When it comes to reading or arithmetic, Marvin Calvin is delighted to help his two children. He missed out on many of the duties of parenthood during a 10-year stretch in prison for armed robbery.

But when it comes to MP3 players, video game consoles, computers or the Internet, he is just baffled.

"I won't even sit down with them and play that little game thing because I don't even know how to operate it," said the 48-year-old Calvin, who was freed in July.

He is a technological Rip Van Winkle (search).

Because of the rapid pace of technological change, thousands of inmates like Calvin leave prison every year to find a world very different from the one they knew when they went in.

"Technology is like a giant steamroller," said David McHaney, who spent nearly four years behind bars for drug offenses. "Either you're on it or you're under it, and you know what happens to that pile of asphalt when that big giant wheel gets to rolling."

McHaney now works at The Osborne Association, a New York City organization that helps released prisoners rebuild their lives. He teaches them the basics of Internet and computer use, as well as how to create resumes and look for work.

The need for technological knowledge has grown so much that even Osborne cannot hire many former inmates, said executive director Elizabeth Gaynes. "We need our work force to be computer literate," she said. "We do not have any entry-level jobs that do not require technical competence."

The digital divide (search), the chasm before computer haves and have-nots, is awfully wide when talking about America's prison population.

The average inmate among the nation's 2.1 million prisoners is a 34-year-old man without a high school diploma, said Christy Visher, a researcher at the Urban Institute in Washington.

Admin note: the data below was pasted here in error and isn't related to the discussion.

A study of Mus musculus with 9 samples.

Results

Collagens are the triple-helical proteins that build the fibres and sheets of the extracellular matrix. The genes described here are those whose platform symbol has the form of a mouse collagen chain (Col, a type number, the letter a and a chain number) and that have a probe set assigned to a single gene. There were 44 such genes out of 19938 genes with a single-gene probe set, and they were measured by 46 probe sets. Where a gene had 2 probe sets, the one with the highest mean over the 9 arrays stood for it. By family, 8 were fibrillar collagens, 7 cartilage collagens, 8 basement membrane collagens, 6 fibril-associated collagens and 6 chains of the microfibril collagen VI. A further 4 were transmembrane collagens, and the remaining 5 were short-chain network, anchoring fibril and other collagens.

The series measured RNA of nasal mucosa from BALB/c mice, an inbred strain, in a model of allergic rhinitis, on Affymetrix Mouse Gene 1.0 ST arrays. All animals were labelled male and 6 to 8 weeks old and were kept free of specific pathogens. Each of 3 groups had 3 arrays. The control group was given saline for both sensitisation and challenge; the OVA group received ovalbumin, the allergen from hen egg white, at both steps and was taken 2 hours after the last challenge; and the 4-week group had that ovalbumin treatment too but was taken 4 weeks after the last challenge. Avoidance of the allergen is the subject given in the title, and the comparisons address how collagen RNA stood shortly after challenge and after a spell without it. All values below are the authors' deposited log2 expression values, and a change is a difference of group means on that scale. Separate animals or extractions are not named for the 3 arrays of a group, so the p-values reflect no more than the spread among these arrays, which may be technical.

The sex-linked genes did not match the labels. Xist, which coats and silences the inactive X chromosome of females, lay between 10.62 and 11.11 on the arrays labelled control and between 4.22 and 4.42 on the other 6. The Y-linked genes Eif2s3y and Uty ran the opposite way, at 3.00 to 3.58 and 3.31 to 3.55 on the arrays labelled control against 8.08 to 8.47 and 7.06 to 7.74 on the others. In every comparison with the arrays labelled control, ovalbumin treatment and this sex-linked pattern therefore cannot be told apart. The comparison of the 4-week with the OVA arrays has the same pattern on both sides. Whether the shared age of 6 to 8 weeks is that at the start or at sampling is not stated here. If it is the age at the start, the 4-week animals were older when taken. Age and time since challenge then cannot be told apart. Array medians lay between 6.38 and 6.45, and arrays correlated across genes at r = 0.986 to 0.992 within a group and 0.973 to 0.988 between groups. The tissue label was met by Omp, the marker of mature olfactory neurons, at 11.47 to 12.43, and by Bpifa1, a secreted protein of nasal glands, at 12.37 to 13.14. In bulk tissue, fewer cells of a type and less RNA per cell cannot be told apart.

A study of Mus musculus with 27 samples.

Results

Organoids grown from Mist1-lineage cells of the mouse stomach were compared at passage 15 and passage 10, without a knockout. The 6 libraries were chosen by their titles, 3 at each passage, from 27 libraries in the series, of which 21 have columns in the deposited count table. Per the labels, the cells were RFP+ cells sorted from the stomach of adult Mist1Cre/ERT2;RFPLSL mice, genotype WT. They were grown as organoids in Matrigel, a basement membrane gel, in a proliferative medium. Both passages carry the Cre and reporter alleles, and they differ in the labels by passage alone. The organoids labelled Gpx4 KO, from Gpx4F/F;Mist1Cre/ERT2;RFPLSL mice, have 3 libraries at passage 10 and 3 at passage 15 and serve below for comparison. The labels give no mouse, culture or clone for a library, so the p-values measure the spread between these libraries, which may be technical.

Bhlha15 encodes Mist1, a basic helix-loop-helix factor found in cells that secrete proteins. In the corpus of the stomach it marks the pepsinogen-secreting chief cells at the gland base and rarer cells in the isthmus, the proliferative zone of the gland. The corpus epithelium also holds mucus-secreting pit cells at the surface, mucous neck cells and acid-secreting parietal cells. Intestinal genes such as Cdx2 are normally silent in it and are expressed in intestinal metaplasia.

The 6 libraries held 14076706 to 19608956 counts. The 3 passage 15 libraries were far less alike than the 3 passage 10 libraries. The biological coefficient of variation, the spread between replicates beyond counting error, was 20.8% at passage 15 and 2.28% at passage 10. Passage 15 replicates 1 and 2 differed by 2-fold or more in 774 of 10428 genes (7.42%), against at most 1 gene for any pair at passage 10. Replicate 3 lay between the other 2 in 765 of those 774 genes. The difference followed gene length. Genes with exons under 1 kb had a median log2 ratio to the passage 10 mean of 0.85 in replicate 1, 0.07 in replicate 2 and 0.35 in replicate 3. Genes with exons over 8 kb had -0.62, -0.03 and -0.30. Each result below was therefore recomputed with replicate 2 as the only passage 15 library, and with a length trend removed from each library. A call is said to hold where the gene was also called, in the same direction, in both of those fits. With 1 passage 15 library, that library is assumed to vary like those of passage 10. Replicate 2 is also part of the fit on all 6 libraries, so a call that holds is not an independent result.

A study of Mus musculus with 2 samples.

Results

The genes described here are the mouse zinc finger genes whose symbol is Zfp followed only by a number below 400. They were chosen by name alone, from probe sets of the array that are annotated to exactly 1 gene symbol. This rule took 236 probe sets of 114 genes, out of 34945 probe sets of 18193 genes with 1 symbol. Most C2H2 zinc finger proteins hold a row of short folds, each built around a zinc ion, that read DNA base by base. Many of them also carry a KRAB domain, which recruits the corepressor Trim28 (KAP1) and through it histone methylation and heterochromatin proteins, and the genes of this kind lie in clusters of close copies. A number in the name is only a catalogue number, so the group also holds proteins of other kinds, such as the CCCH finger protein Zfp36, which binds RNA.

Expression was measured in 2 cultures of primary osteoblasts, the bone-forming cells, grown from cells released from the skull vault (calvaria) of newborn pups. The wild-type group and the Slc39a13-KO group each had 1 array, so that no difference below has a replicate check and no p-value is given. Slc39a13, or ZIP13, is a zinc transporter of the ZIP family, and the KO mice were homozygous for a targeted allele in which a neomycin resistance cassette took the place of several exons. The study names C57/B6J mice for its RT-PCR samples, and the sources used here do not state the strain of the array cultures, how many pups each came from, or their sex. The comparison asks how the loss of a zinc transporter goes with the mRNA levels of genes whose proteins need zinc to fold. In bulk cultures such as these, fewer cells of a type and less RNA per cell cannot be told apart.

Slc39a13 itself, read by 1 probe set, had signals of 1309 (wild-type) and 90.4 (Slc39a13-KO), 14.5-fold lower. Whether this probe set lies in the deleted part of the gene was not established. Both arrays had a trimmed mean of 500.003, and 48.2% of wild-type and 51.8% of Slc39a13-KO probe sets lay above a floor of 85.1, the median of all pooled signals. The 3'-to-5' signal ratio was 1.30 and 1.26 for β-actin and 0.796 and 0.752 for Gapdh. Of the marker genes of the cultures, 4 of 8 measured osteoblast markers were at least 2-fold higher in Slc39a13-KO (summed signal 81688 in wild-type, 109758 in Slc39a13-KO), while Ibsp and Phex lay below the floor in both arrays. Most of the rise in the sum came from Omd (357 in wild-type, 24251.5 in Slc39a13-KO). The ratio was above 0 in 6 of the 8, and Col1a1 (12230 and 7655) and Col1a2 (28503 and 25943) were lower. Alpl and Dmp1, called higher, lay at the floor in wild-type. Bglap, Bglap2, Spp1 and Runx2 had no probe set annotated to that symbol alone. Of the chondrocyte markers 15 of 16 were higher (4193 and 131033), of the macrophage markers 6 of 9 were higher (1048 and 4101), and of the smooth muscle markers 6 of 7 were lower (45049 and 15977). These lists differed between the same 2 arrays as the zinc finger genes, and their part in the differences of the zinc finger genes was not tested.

That means someone whose education ended in the 1980s, long before the technological transformation of the past decade. Longer prison terms can make the technological gap even wider.

Prisons offer educational courses, but inmate advocates say they are limited and constantly at risk of being eliminated because of shifting public opinion. And advocates and former inmates say prisons are rarely the places to learn about the newest technologies.

"Very few things in there are even close to state of the art," said Terry Reed, an Osborne instructor released from prison last year after an 18-year term. "They're always behind the times. Nothing is kept current."

The skills that inmates do learn are generally geared toward helping the prisons function, not toward creating job skills valuable on the outside, said Debbie Mukamal, director of the Prisoner Reentry Institute at John Jay College of Criminal Justice (search) in New York City.

John Nuttall, deputy commissioner for program services for the New York state Corrections Department, said the state's prisons are focusing more on preparing inmates for the outside.

He said New York offers classes on general business, where inmates can learn about computer programs such as spreadsheets, as well as a computer technology course that teaches the hardware side.

But he also acknowledged that enrollment in the computer courses is limited. And with technology changing all the time, the costs of keeping equipment in prisons up to date is prohibitive.

Similarly, in Texas, the Windham School District runs about 70 schools around the state with computer labs and offers courses on such topics as computer maintenance.

Inmate advocates said preparing prisoners for life on the outside is vital to keeping them from winding up behind bars again.

"If you don't help people who are coming out of prison become successful, start a conventional life, they're going to be out there creating problems for you, your family, and your neighborhood," Visher said.